Civics students at Lincoln-Way North High School should have no trouble recalling details of the Fourth Amendment on test day.
Two Circuit Court judges from Will County were at the school this week reviewing details of the Amendment and case law surrounding it.
Their visit was arranged by the Illinois Judges Association (IJA) in conjunction with the 225th anniversary of the signing of the U.S. Constitution.
The Constitution was signed on Sept. 17, 1787.
To celebrate, IJA member-judges are on a mission to deliver 225 classroom presentations at high school civics classes statewide during the last half of September, emphasizing the Constitution's history and contemporary relevance.
“I firmly believe this special celebration of our Constitution underscores an important part of civic education in our schools,” Chief Justice Thomas Kilbride stated in a press release. “By having Illinois judges explain our constitutional structure to students throughout the state, students may learn of the critical roles played by judges and the courts in their everyday lives.”
Circuit Court Judges Bobbi Petrungaro and Ray Rossi, who visited Lincoln-Way North on Sept. 17, began their “Bringing the Courtroom to the Classroom” presentation by reviewing the three branches of government, the duties of a prosecutor and the duties of the defender.
They then delved into a discussion of an actual U.S. Supreme Court case, New Jersey v. T.L.O., which centered around a student whose purse was searched by school administrators after she was caught smoking in a school bathroom. The search uncovered marijuana, drug paraphernalia and money, implicating the student in dealing drugs. The student claimed the search violated her Fourth Amendment rights.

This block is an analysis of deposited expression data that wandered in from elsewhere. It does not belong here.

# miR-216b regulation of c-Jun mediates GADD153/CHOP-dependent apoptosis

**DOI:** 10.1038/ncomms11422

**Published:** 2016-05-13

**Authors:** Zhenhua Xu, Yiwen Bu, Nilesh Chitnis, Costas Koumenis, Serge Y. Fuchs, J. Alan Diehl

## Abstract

“Is it constitutional to search someone's bag without a warrant,” Rossi asked students. “Are students protected under the Fourth Amendment when at school?”
Students responded by saying that schools have rules in place to keep students safe and that school officials should be able to search lockers, backpacks and purses if there’s probable cause.
Their opinion matched that of the U.S. Supreme Court, which held in a 6-3 ruling that the search was reasonable under the Fourth Amendment.
“The presentation reinforced content we teach in our civics classes,” said Michelle Graham, chair of the social sciences department at Lincoln-Way North.
“Having our Will County Circuit Court judges in our school presenting to students helped to make what the students learn more relevant,” she added. “Through the presentation, students were better able to understand the neutral position judges must take when they interpret law.”